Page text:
Economic Argument for Having More Kids

Have annoying siblings that you have to deal with? How about another, to make your life crazier?

According to the USA Today, raising a single child from birth through the age of 18 costs a little under $22,700, give or take. This is beyond the current median price of a house in theUnited Statesjust to raise one baby. If the child is willing to attend college, the money increases to about $1 million to raise a child from birth to four years in college. The United States Department of Agriculture, USDA, estimates that low-income families with a salary of $57,600 per household will probably spend $163,440 less on a child. However, those on the wealthier side with an income of $ 99,730 and above will most likely spend $37,040 more than the average.

Think it is way too expensive to have kids? But when the issue is broken down, having more kids actually saves you more money than you think. Laura Vanderkam, author of the book All the Money in the World: What the Happiest People Know About Getting and Spending, states that having a second child adds $10,660 to the amount spent on the first child. It’s not that each child uses $22,700, but less is added to the amount spent on the first child. Then, when a third child comes along, only $4,580 is added to the total.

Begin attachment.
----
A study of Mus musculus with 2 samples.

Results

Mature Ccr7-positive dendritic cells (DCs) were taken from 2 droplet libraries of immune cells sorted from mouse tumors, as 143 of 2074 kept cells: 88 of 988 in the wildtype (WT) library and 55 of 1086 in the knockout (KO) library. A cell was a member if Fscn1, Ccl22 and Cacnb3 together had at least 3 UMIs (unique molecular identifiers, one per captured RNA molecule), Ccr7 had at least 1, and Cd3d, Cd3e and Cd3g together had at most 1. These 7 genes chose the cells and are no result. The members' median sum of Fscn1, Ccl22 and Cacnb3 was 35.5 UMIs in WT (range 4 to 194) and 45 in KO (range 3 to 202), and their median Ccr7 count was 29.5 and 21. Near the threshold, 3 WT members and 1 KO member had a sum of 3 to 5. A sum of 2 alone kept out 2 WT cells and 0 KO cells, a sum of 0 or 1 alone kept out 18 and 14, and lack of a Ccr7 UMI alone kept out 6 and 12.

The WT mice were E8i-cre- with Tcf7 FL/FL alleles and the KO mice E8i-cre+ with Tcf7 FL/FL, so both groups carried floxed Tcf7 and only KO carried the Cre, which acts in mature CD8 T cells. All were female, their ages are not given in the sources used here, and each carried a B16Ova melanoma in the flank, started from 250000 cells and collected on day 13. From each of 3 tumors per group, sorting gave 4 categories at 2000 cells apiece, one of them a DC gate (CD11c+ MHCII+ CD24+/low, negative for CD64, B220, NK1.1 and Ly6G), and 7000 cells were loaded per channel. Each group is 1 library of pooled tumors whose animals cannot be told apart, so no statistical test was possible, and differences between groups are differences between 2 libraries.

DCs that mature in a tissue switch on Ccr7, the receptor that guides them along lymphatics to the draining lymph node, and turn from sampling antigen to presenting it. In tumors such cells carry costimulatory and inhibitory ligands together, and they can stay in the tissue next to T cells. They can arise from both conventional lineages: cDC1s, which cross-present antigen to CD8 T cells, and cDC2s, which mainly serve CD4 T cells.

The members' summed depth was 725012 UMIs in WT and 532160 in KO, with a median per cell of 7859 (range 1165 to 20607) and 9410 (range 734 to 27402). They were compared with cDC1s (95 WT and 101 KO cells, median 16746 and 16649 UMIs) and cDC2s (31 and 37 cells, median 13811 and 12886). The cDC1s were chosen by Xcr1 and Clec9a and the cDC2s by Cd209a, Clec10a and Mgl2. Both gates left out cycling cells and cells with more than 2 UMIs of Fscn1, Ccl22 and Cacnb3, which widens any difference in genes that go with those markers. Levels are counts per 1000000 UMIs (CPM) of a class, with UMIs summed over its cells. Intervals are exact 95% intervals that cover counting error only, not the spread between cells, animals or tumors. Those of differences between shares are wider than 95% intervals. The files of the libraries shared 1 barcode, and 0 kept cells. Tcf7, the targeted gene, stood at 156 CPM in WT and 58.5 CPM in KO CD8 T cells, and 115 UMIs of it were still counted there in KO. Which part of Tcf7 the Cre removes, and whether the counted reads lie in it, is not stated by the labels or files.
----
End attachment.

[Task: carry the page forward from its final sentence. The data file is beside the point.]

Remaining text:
Compared to the initial amount of money spent, when more kids are added to the family, you spend less than you did on the first child. According to researchers, this happens when a family of more than one child spends 25% less on the next child and so on. Therefore, families don’t necessarily multiply the average amount by the number of kids. Although the first child is costly, after a next child and another, dealing with money becomes easier than you think. Having more kids may be more costly than not having one at all, but you don’t lose as much as you think. Rather, you save more than you did on the first child.